AustralianSuper’s Head of European Property, Paul Clark, spoke to Blackstock Consulting’s founder, Andrew Teacher about establishing the Fund’s real estate presence in London and why working for organisations with purpose lends itself to long-term investment.
In UK terms, AustralianSuper can be classed as a mutual. “We’re there for Members’ profit and to provide the best possible retirement outcome for our Members,” says Clark. “The money comes in and it’s our job to turn that into excellent returns.”
“We are looking to take advantage of changes around digitisation, demographics and place making in society and the economy. If we can do that then we will drive outperformance from our property portfolio. Because it’s an imperfect market you’re better off doing as few things as possible as well as you can.”
More than anything else, says Clark, “it’s climate change that will have the largest influence on real estate values for the rest of our lifetime and you need to look at the sustainability of the locations and the buildings that you’re getting involved with.”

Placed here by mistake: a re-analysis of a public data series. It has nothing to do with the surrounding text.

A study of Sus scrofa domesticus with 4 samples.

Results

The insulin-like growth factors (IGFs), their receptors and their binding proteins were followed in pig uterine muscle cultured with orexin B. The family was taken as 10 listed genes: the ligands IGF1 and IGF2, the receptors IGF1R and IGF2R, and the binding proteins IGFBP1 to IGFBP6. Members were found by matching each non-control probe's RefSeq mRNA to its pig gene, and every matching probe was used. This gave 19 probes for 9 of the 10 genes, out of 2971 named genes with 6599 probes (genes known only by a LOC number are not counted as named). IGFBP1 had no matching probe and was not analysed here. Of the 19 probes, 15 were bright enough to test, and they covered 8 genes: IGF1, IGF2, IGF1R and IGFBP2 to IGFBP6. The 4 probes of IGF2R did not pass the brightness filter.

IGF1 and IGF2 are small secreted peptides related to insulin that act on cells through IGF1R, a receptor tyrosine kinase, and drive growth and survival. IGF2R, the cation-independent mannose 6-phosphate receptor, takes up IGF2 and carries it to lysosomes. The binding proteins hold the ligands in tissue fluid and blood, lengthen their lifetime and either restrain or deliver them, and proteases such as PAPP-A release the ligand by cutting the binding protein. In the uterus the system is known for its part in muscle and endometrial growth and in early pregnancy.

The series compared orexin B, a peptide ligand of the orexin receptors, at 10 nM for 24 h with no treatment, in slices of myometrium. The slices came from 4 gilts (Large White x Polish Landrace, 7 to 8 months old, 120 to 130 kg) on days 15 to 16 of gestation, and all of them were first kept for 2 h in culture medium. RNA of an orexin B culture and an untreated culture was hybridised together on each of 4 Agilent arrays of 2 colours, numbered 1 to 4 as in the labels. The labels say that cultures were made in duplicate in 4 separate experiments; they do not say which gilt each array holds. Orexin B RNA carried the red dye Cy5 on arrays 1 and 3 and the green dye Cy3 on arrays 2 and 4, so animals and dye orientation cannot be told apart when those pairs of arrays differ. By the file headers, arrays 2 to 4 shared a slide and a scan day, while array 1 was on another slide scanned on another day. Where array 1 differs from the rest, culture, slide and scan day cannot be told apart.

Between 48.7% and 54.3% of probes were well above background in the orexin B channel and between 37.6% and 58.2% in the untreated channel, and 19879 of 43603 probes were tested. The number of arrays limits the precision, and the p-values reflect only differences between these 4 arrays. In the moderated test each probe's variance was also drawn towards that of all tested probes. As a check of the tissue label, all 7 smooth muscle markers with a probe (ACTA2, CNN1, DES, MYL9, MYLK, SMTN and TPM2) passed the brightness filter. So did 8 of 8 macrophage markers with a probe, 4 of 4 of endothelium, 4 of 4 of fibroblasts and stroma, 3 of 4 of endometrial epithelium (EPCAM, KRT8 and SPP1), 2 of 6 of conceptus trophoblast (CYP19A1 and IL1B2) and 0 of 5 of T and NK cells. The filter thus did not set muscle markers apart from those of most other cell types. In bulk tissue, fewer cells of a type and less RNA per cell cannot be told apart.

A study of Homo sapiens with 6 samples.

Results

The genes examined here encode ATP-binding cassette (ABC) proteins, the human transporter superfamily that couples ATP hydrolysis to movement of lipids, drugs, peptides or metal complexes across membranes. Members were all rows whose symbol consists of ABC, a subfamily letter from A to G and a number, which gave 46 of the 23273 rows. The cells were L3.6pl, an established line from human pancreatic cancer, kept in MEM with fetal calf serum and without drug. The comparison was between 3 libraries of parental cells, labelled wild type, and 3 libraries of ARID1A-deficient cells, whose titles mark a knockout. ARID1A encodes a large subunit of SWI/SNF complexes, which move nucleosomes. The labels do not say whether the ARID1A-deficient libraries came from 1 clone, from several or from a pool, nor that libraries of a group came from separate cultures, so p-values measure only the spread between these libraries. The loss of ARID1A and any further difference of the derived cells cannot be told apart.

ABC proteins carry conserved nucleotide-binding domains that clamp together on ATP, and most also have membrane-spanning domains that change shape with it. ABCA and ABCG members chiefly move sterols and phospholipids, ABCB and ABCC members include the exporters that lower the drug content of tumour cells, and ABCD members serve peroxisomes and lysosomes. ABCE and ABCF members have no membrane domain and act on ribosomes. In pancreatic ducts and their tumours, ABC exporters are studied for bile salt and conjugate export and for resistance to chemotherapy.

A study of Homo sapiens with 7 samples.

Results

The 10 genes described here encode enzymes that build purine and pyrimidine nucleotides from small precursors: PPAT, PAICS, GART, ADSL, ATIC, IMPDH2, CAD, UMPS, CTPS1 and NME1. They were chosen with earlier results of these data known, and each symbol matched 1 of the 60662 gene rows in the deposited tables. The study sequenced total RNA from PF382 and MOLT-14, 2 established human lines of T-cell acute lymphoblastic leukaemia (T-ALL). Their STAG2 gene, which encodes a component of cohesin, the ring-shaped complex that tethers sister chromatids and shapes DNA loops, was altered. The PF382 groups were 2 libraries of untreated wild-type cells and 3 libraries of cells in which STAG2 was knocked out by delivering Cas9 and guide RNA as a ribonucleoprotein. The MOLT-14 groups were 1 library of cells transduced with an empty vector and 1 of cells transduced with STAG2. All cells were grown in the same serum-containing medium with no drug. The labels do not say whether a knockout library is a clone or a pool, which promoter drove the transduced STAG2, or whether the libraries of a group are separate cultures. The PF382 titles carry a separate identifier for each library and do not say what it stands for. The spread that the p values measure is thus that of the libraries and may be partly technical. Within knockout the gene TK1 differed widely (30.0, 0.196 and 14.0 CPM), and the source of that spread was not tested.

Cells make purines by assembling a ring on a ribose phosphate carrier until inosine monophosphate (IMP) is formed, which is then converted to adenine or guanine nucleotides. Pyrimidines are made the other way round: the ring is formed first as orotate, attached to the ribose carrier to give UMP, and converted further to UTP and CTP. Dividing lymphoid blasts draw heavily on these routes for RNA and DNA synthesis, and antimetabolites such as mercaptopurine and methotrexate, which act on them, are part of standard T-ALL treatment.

The Fund has focused in London on the sort of large scale, long-term investments that don’t come along often and few global investors have the appetite for. “Successful regeneration projects in London tend to have three characteristics: location, scale and a commitment to quality. For that you need investors with long term time horizons.”
Public markets tend to value property companies on a narrow set of criteria, says Clark, often ignoring the wider long-term benefits that come from investing more in assets. The regeneration premium due to successful placemaking “delivers stronger rental growth and higher end values than if you were just developing a single building.”
Talking about investments in Kings Cross and, more recently, Canada Water, Clark said: “The journey we’re going on will see us get to the point where we’ve not just built a few office buildings and some flats, actually we’ve created a new environment and new communities and we’ve done that in a very sustainable way.”
Away from development-led mixed-use city-centre investments, Clark is attracted to logistics assets but was wary of investing at the back end of the bull market. However, the changing market environment might alter that: “When you’re in a market that’s more challenged – and there are going to be winners and losers over the next couple of years or so – you need to be sure that you have made strategic bets you’re comfortable with.”